Clark, Carroll commit to charm strategy in rookie’s first appearance

Probably against the odds, given all the recent publicity, Seattle Seahawks rookie defensive end Frank Clark was better off the field than on it Friday.

In post-practice interviews, Clark and Seahawks coach Pete Carroll seemed committed to a charm strategy, trying to humanize the second-round draft pick, who has been widely derided for his involvement in a domestic violence charge that was ultimately reduced to a misdemeanor.

Squinting into a bright afternoon sun, each successively answered repeated questions about Clark’s off-field legal issues. Both reiterated their beliefs that the reduced charge of disorderly conduct was fair, and the dramatic police report of the incident didn’t reflect events as they truly unfolded.

Neither would go into details, other than again suggesting Clark was mostly guilty of putting himself in a bad position.

There will be a portion of the public that only will be convinced by Eagle Scout behavior out of Clark for a long time.

Clark would be advised to table his comments about how hard the recent months have been on him. But other than that, he presented himself well.

The thing in his favor is that he is so obviously just a young man. He conceded “I’m not a complete person; I’m not a perfect person. I’m a person who is still learning.” he said.

It’s a relatable position.

Clark and Carroll elaborated a little on Clark’s personal history, talking about his rugged upbringing in Los Angeles, including the period of homelessness when he was walking the streets hungry. And how his mother shipped him to Cleveland to get away from gang influence.

Carroll has spent a good deal of time in the tough parts of Los Angeles, working with gang interdiction squads. He concedes he has had success with some risky players, but he also has been unable to reach some.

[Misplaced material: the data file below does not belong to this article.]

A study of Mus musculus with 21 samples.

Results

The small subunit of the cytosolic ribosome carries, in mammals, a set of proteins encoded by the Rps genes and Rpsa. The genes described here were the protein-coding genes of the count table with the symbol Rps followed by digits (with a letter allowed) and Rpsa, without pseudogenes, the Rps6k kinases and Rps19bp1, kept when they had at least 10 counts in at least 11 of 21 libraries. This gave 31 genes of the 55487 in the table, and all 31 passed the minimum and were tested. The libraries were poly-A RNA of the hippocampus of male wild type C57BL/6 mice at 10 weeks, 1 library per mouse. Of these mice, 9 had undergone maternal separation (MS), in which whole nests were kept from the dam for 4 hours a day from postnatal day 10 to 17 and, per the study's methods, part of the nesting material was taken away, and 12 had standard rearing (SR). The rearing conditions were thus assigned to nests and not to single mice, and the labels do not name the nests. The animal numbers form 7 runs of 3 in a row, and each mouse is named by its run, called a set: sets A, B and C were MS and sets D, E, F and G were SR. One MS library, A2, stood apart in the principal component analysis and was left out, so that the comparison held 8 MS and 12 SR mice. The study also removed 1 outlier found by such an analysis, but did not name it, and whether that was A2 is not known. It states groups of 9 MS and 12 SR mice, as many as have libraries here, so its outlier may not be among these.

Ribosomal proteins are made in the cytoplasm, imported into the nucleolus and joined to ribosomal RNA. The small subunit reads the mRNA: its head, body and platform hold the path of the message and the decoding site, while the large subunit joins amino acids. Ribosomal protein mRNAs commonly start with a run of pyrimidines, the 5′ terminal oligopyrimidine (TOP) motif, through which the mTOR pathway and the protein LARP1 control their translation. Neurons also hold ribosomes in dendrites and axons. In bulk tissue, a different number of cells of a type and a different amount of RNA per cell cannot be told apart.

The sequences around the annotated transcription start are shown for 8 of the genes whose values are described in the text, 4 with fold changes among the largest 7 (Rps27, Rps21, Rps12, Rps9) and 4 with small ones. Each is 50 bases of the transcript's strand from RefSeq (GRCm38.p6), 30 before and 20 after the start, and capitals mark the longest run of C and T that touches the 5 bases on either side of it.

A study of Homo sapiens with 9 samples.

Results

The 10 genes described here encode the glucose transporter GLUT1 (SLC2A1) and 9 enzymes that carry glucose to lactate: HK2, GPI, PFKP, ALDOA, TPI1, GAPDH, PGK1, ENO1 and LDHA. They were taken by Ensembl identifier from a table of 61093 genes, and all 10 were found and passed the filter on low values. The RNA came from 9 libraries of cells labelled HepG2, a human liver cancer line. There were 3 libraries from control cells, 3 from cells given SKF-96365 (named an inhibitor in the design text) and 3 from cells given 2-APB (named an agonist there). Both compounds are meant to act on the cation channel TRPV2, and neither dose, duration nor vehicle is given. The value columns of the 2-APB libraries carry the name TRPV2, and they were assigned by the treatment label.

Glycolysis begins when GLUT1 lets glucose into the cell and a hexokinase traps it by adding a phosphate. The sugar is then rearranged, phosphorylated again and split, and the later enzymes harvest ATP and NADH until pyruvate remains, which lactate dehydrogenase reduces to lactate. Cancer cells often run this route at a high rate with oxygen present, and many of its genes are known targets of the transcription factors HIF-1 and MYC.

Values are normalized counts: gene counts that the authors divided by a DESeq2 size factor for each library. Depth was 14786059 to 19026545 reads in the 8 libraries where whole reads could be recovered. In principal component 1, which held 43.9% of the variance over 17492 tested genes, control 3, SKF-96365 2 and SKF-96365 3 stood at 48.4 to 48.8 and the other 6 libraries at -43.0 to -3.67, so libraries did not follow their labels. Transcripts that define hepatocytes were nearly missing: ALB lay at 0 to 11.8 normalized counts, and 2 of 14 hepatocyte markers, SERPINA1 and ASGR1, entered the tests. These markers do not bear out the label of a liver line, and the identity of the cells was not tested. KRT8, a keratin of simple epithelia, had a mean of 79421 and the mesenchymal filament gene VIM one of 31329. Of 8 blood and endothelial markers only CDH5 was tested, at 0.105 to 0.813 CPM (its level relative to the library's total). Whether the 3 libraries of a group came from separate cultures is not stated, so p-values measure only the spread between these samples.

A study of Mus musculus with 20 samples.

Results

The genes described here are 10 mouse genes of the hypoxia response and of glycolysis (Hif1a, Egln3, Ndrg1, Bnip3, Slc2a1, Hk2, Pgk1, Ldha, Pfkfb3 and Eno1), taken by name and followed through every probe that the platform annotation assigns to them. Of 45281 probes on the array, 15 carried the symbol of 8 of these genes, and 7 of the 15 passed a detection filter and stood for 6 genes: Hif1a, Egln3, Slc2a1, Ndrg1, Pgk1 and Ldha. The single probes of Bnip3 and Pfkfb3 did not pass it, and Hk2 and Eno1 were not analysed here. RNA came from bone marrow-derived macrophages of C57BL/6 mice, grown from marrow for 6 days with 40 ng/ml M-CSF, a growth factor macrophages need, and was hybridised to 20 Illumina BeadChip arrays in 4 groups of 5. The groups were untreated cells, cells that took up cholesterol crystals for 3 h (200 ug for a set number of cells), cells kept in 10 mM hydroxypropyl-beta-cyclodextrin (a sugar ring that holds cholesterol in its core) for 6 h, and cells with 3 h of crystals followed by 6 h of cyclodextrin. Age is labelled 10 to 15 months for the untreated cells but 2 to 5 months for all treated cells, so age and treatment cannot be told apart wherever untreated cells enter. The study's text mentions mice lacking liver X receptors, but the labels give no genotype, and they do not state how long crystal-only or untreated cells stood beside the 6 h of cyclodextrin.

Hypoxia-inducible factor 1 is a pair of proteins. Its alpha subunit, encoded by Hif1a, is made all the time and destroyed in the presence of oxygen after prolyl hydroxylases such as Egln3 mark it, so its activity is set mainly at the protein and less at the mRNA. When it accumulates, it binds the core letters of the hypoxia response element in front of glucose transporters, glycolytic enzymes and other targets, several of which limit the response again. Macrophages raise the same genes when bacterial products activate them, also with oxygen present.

“We live in a world of optimism around here,” Carroll said. “We’re gonna support him in the way he needs. … He’s a young man, he knows that; he’s got a lot of growing to do, and we’re going to help him through that.”

The Hawks, he said, will have some counseling in place for Clark. He also warned Clark that he’d face a lot of tough questions, that it “was going to be a rocky road,” Clark said.

On the practice field, Clark looked like most of the rest of the rookies at minicamp — inconsistent, and occasionally lost.

During an early drill simulating punt coverage, the 272-pound Clark looked extremely fast and nimble.

But then he slowed, taking a long time to run between drills, and a lot of stretching hinted at leg cramping. It caused him to sit out a while during team sessions. It’s the first day. A lot of rookies show up unprepared for the tempo of a Seahawks practice.

Near the end, he made two good pass rushes that might have ended in sacks if they’d been going at game speed.

Most rookies don’t have to answer the questions Clark did Friday, and probably what he’ll have to do for a long time because the circumstances of his charges prompt fair debate on the Seahawks’ decision to bring him to Seattle.

Clark said he’s determined to win the trust of the fans and repay the Seahawks for their faith in him.

On Friday, in the first bright glare of Seattle sunshine and scrutiny, Clark made a key admission, one that is part of his being 21 years old.

“I’m a person who still needs to get talked to by my elders, and still taught the way of life,” he said, “because I don’t know it all.”